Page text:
We are proud to announce the final release of version 1.0 of the Humanitarian Exchange Language (HXL), a simple data standard for improving information sharing during emergencies. In the 10 months since the beta release, HXL has undergone two major field trials, many smaller-scale implementations, and a formal call for comments.
Understanding humanitarian data challenges
Laurent Pitoiset, UN Refugee Agency
A simple solution for messy data
Simon Johnson, British Red Cross
Who is using HXL?
UNHCR currently publishes its Population Statistics on international displacement using HXL hashtags. UN OCHA has created tools for working with HXL-tagged datasets, including an online data-processing service and a collection of open-source software. Simon Johnson of the British Red Cross has written a set of use cases describing that organisation’s use of HXL in the Nepal and the European Refugee crises. The volunteer community, including the Standby Task Force, has used HXL in several initiatives, and UN OCHA has run HXL field pilots in Guinea and Nepal.
Other organisations are planning to add HXL support soon. During 2016, the Humanitarian Data Exchange will add support for instant validation, analysis, and visualisation of HXL-tagged data.
Changes from HXL 1.0 beta
The final release of HXL 1.0 is nearly identical to the beta release. Based on feedback and field experience, the working group decided to restore the #event hashtag (which had been present in earlier drafts of the standard) to mark occurrences within a crisis, and to add the #group hashtag, to distinguish groups that are not part of an aid response (e.g. paramilitary organisations). See Changes from previous versions in the HXL standard for more information.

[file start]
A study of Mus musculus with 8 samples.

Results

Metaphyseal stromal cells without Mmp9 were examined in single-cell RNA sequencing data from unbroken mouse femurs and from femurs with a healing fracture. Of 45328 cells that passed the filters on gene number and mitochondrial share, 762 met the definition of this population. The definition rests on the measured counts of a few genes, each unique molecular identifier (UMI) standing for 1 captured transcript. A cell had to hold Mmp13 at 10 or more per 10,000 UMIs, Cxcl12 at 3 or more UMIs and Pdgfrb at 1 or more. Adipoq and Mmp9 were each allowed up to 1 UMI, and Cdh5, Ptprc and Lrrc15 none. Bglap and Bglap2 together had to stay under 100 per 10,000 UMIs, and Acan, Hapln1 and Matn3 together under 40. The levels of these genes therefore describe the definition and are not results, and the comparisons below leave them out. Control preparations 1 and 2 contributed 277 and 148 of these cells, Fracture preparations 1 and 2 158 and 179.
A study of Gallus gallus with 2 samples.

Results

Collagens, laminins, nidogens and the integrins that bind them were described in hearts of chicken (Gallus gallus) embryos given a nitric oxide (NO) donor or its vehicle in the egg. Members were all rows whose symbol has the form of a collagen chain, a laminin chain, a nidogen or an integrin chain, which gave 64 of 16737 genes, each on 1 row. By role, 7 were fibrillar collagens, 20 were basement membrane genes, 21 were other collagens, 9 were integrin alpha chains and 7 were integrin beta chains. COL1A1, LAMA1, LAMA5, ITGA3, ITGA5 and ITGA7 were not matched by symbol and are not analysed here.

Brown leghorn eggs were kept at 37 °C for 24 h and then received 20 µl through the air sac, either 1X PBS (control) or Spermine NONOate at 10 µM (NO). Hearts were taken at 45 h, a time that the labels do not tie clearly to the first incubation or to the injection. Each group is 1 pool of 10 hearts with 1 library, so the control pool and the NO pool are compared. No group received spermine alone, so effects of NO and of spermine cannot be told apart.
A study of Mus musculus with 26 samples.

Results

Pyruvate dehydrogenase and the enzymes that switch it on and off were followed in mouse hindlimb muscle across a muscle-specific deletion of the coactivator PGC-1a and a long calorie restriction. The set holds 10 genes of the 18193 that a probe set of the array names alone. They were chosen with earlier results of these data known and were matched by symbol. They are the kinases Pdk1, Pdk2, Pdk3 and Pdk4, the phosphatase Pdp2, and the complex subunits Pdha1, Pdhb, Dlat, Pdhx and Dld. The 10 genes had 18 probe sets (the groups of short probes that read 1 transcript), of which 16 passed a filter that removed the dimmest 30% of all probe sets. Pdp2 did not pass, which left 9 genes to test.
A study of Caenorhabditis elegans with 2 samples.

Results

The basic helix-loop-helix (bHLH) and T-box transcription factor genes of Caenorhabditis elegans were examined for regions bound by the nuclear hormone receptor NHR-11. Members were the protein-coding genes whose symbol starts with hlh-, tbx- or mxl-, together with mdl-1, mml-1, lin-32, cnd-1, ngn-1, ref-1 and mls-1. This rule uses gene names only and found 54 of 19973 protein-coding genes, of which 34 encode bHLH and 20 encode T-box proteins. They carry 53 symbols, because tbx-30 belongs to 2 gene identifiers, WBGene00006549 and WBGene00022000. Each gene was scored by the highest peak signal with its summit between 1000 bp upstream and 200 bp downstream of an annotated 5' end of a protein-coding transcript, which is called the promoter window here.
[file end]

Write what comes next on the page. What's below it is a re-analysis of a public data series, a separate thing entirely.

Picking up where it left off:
Version 1.0 of the HXL standard defines a core set of general hashtags applicable to many types of humanitarian data, including places; people and households; operations; crises, incidents and events; and general metadata.
Feedback during the comment period pointed to the need for more coverage from the beneficiary perspective, including possible #service and #complaint hashtags. These would have a place in a core, cross-sector HXL hashtag dictionary, and the working group plans to make them an early priority for the future HXL releases.
The HXL working group will also begin discussion with different sectors in the humanitarian community — both local and international — about how to agree on standard hashtags and code lists for specialised areas such as healthcare and logistics.
HXL’s development began in 2012, when Chad Hendrix and Andrew Alspach at UNOCHA identified a need to improve data exchange in the humanitarian community. Over the subsequent years representatives from many other organisations have been involved in the standard’s development, including the British Red Cross, the ICT4Peace Foundation, IOM, Save the Children, ThoughtWorks, UK DFID, UNICEF, USAID, Ushahidi, the Volunteer Standby Task Force, WFP, and the World Bank. The Humanitarian Innovation Fund and UN OCHA have provided financial support.
Andrej Verity has published a blog post with more information about the project’s history and the many people involved, and ALNAP has published an innovation case study about the standard’s development.